Stanley's blog

The shadow of the Dalai Lama

The EU and Chinese officials prepare for the bilateral summit in Lyon on 1 December with a large black cloud overshadowing them. It is in the shape of the Dalai Lama. Beijing deeply resents the attention being paid him by European governments and the European Parliament. In particular, Nicolas Sarkozy, who will co-chair the summit, plans to meet the Dalai Lama in Gdansk on 6 December. It is not beyond doubt that the Chinese will cancel the summit.

No issue causes greater misunderstanding or produces greater misperceptions than Tibet and The Dalai Lama.

The bilateral talks between the Tibetans and the Chinese have made, and will make, no progress. Whatever the true character or intentions of the Dalai Lama, the results of the recent five-day meeting in Dharamsala, India, that brought together Tibetan exiles from all over the world, the Dalai Lama emerged with his authority unchallenged and the policy towards Beijing unchanged: the Tibetans should seek only autonomy under Chinese rule, not full independence.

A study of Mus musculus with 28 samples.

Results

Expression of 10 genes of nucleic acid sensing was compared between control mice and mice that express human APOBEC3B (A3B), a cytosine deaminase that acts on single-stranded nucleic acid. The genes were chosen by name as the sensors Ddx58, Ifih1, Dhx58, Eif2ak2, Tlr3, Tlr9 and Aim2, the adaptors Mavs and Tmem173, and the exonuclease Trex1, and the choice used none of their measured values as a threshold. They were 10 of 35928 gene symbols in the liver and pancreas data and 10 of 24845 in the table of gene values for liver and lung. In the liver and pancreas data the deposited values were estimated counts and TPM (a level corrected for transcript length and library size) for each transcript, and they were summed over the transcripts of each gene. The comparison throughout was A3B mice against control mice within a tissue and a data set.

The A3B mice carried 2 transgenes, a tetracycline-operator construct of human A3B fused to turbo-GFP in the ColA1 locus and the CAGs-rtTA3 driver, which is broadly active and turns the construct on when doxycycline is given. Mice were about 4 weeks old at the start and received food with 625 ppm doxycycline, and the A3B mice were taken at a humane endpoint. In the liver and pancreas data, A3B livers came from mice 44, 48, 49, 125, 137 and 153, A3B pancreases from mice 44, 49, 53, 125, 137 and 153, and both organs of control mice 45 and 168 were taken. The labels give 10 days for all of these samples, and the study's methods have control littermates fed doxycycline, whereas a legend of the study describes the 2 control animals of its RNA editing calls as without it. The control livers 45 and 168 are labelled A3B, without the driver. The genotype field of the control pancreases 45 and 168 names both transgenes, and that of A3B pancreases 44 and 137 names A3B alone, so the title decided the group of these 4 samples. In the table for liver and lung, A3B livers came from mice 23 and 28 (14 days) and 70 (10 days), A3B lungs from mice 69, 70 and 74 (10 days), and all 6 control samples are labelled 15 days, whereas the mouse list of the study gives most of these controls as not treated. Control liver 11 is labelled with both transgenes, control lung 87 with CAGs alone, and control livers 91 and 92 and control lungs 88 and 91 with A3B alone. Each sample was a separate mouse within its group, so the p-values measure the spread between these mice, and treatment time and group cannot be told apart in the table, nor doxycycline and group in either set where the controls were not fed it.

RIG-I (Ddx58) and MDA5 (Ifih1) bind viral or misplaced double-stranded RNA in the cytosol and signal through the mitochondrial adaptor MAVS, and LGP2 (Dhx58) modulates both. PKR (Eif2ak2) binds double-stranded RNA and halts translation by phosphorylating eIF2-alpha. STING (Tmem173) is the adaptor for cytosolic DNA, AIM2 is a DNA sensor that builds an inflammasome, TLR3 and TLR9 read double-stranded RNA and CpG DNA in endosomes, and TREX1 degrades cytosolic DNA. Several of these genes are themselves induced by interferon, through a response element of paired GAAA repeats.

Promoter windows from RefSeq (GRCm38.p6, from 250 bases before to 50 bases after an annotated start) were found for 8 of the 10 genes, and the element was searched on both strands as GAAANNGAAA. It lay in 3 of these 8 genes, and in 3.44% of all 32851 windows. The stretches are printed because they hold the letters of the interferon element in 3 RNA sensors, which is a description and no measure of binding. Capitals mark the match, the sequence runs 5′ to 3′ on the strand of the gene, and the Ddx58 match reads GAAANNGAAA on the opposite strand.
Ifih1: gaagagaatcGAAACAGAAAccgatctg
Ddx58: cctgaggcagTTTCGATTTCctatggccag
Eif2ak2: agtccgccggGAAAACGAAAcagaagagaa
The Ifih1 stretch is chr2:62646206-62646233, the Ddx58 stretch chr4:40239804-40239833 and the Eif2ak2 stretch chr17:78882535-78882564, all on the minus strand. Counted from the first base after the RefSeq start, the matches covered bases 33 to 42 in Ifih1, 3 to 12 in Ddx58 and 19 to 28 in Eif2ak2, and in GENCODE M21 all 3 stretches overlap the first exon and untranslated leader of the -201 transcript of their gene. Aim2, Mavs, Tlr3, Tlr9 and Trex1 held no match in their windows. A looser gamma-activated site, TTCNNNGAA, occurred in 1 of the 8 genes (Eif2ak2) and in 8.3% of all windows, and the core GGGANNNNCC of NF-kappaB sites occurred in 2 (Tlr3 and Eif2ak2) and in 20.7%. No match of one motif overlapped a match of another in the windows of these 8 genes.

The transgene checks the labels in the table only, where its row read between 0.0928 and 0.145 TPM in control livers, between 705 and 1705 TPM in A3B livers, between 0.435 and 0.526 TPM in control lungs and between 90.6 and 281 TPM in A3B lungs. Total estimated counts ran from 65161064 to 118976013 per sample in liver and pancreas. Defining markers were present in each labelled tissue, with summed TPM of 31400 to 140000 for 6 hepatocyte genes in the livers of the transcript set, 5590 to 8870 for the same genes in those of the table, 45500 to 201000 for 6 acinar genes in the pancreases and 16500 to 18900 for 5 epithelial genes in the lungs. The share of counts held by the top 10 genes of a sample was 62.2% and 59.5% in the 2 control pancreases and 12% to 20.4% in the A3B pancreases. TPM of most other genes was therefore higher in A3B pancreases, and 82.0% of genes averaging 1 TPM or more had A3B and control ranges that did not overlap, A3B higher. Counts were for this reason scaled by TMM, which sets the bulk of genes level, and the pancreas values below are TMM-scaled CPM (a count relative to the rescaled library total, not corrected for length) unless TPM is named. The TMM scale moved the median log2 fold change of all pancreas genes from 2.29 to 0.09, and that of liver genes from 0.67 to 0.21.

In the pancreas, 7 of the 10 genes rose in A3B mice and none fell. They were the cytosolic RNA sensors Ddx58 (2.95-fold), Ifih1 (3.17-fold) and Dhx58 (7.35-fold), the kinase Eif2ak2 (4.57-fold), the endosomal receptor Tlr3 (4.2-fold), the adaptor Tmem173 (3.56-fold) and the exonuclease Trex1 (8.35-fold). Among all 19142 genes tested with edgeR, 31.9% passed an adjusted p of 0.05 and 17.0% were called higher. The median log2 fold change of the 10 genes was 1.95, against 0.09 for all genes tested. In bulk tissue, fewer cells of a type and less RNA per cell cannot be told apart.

However, more ominous signs were appearing. Younger Tibetans at the Dharamsala summit had more radical ideas and the meeting also concluded that if China made no effort to meet the demands for autonomy, then calls for independence and self-determination, would be put forward. Violence was not discussed but there was no need to do so.

This is a worrying period for China as for other countries, because severe economic downturns frequently lead to social unrest.

It is impossible to imagine a compromise. The Tibetans argue that their “Middle Way” is autonomy and not independence. Beijing does not accept the extent of the geographical area claimed or the policy areas included. Autonomy is in any case seen as a first stage to independence.

It is to be hoped that European and Chinese journalists will not increase the tensions by inaccurate reporting. For a start, it would be useful to know precisely what “autonomy” means.